NEWYou can now listen to Fox News articles!
The San Francisco 49ers made Jerry Rice their first-round pick in the 1985 NFL Draft out of Mississippi Valley State, which was a part of the Southwestern Athletic Conference in NCAA Division 1-AA football.
Rice was a standout receiver for the Delta Devils, setting division records for receptions and receiving yards in a single season. But the legendary wide receiver revealed in a recent interview that he was skeptical of his own stock going into the draft.
CLICK HERE FOR MORE SPORTS COVERAGE ON FOXNEWS.COM
“To be honest, I never thought I was going to get drafted,” he told Fox News Digital in a recent interview. “I downplayed everything because I didn’t want that disappointment of getting up here and then come down in disappointment if it didn’t happen. A lot of my friends, a lot of people around me, were saying that, ‘Hey, you’re going to get drafted, you’re going to get drafted.’ But you know, I downplayed it and I got drafted by the San Francisco 49ers, and it’s just like something I’ll never forget.”
He said he was in a two-bedroom apartment with his brother in Jackson, Mississippi, when he got the call.
“I have one camera guy and I get the call from the greatest coach ever, Bill Walsh. And it was so cool. Here I am, I’m on the phone and I’m just smiling to myself.” Rice said. “And then after I hung the phone up, I said, ‘Oh my God, they just won the Super Bowl. They just won the Super Bowl against the Miami Dolphins at Stanford University. I’m gonna get a chance to meet (Joe) Montana, Dwight Clark, Ronnie Lott, Roger Craig. All these great players. Oh my God. Where can I fit in?’ But I had to pinch myself, man, and it was a dream come true.”
NFL DRAFT 2022: ANALYST PREDICTS THE ‘CULTURE-CHANGER’ THE JAGUARS WILL SELECT WITH NO. 1 PICK
Rice said he set high expectations for himself coming into the league, wanting to prove that even guys from smaller schools can play football really well.
“I think I set a high standard for myself because I felt if I had success in the NFL coming from a small, predominantly Black school, then other players are gonna get the opportunity. That was something I put on my shoulders and I wanted to go in and prove to everybody that ‘Hey, look, yes, I’m from a small school but I know how to play this game,’” Rice told Fox News Digital.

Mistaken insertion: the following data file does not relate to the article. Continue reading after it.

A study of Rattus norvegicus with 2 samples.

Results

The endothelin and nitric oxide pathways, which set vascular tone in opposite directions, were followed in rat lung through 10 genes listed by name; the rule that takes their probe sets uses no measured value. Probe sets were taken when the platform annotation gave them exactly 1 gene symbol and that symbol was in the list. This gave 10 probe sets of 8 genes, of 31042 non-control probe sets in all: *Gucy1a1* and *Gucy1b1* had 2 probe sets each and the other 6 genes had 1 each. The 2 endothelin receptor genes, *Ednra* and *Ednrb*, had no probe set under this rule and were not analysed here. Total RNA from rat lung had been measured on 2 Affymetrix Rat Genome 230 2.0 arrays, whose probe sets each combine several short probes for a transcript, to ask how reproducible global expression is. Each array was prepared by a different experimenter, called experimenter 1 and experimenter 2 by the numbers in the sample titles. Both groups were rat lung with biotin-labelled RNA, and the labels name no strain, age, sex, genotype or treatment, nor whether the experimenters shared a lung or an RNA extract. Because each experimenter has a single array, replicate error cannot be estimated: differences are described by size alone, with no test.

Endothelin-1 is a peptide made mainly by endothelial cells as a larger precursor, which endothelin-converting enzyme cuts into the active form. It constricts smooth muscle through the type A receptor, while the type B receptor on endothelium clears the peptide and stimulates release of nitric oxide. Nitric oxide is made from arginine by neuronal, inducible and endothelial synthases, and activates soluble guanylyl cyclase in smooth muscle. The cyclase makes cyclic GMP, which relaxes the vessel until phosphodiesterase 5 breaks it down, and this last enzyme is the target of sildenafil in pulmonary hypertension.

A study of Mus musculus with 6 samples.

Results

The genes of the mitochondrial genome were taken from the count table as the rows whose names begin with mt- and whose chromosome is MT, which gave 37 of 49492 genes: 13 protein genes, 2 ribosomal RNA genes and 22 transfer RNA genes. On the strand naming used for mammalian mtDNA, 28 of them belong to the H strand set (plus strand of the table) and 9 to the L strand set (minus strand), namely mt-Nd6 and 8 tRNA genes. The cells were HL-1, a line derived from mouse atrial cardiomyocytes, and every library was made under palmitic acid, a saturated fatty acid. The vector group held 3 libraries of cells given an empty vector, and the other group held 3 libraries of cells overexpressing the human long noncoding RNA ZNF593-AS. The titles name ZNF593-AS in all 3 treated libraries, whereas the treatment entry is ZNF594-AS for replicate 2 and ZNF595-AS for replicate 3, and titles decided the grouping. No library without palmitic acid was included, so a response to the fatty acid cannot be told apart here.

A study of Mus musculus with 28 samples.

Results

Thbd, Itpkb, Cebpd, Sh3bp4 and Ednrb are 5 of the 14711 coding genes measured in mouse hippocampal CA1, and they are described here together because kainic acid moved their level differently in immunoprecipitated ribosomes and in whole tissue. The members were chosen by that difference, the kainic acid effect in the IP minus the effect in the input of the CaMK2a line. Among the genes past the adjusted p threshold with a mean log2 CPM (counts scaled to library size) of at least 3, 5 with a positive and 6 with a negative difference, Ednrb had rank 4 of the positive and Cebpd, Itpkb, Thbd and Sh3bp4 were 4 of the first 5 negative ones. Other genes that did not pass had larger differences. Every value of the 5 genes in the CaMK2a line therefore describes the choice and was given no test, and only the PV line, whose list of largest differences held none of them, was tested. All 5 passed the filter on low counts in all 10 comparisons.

He added that a slow start to his first season meant blocking out the noise and ignoring talking heads calling him a bust.
NFL LEGEND JERRY RICE FIGHTS THROUGH FEAR OF NEEDLES TO PARTNER WITH RED CROSS, ADVOCATES FOR BLOOD DONATIONS
“When I first came in, I said, ‘I’m gonnna catch everything from Montana. Everything Montana throws me I’m gonna catch it. I got to win his confidence over.’ I was catching everything at practice but then during ball games and during preseason, I was dropping everything. I remember getting booed. I remember the media getting so down on me and saying, ‘Hey, look how can you go draft this guy out of Mississippi Valley State University from a small school like that and he’s dropping footballs? It’s just no way. He’s gonna be a bust,’” he said.
“So, I had some adversity right from the start and I was able to fight through that because of my coaches, the organization, my teammates. They got me through it because they were seeing it during practice. But now I just had to transition that to the football field on Sundays, those Mondays, those preseason games and those regular-season games.”
The rest, for Rice, is history. He would produce a Hall of Fame career in which he won three Super Bowls with the 49ers and was a 10-time All-Pro. He finished his career with 1,549 receptions for 22,895 yards and 197 touchdowns – all of which are all-time records.
Rice, who partnered with the American Red Cross to advocate for blood donations, offered some advice to wide receivers who are about to hear their names called during the NFL Draft next week in Las Vegas and are sure to hear some criticism.
CLICK HERE TO GET THE FOX NEWS APP
“I think you’re going to go through adversity and you’re gonna have to be able to fight through it. If you get knocked down, you got to get back up,” Rice said “The most important thing that I did was that I surrounded myself. I made sure I watched what the veterans like the Montanas, like the Clarks, all of those guys, how they conducted themselves, how they prepared for a game, and you got there and play the game and be productive. So, that’s going to be very important, but you got to work. You’ve got to be willing to sacrifice and give 100%. The most important thing is the team. Football is not just about one individual. You have to work together as a cohesive group. If you do that, you’re going to win football games.”